Funeral held for journalist Dom Phillips after murder in Amazon rainforest

British journalist Dom Phillips vanished from a remote part of the rainforest after reportedly last being seen on Sunday June 5. Credit: Dom Phillips/Twitter

The funeral service for Dom Phillips, a British Journalist who was murdered in the Amazon rainforest, took place on Sunday in Brazil.

Mr Phillips' widow, Alessandra Sampaio, said her husband was cremated in "the country he loved, his chosen home."

"Today is a day of mourning," she said at the Rio de Janeiro service.

The 57-year-old journalist and Indigenous expert Bruno Pereira, 41, were last seen on June 5 on their boat on the Itaquai river, near the entrance of the Javari Valley Indigenous Territory, which borders Peru and Colombia.

Brazilian authorities confirmed on June 18 that the remains of one of two bodies found buried in the rainforest was that of Mr Phillips.

British journalist Dom Phillips, right, and a Yanomami indigenous man walk in Maloca Papiu village, Roraima state, Brazil, 2019. Credit: AP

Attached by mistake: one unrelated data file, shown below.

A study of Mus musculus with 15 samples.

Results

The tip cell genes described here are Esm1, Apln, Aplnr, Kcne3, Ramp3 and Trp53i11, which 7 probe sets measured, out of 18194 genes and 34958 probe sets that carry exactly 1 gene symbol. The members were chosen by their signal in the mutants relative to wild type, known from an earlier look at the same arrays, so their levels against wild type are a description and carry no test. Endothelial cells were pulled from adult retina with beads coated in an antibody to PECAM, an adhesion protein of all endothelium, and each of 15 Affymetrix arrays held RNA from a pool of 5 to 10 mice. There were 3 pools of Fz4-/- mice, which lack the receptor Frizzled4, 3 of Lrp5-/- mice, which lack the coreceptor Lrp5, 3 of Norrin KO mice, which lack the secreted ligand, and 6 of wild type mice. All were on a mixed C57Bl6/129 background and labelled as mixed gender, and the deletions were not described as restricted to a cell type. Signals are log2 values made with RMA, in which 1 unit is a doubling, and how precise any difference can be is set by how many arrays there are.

Three fishermen from nearby riverine communities were arrested. Two of them confessed to the murders, according to the police.

There has long been a conflict between Indigenous tribes and poor fishermen hired to invade the Javari Valley to catch arapaima, turtles and game.

Mr Pereira, who was an official of Brazil’s Indigenous affairs bureau, fought these invasions for years and had received multiple threats for his work.

“I would like to express my eternal gratitude to the Indigenous peoples, who are with us as loyal guardians of life, justice, and our forests,” Mrs Sampaio said at the funeral.

Alessandra Sampaio, second left, embraces her sister-in-law Sian Phillips, on the day of her husband's funeral. Credit: AP

Mr Phillips' sister Sian said of her brother: “He was killed because he tried to tell the world what was happening to the rainforest and its inhabitants.

“Dom understood the need for urgent change for political and economic approaches to conservation.

"His family and his friends are committed to continuing that work even in this time of tragedy. The story must be told.”

Mr Phillips wrote about Brazil for 15 years, for publications that included The Guardian, The Washington Post and The New York Times.

He gravitated toward reporting about the environment as it became his passion.

After living in Rio for several years, the couple had moved to the northeastern city of Salvador, closer to Sampaio’s family, where Phillips taught English to students from poor communities. They were also in the process of adopting two children.

“As we remember Dom as a loving, fun and cool big brother,” said Sian, “we are sad he was denied the chance to share these qualities as a father for the next generation.”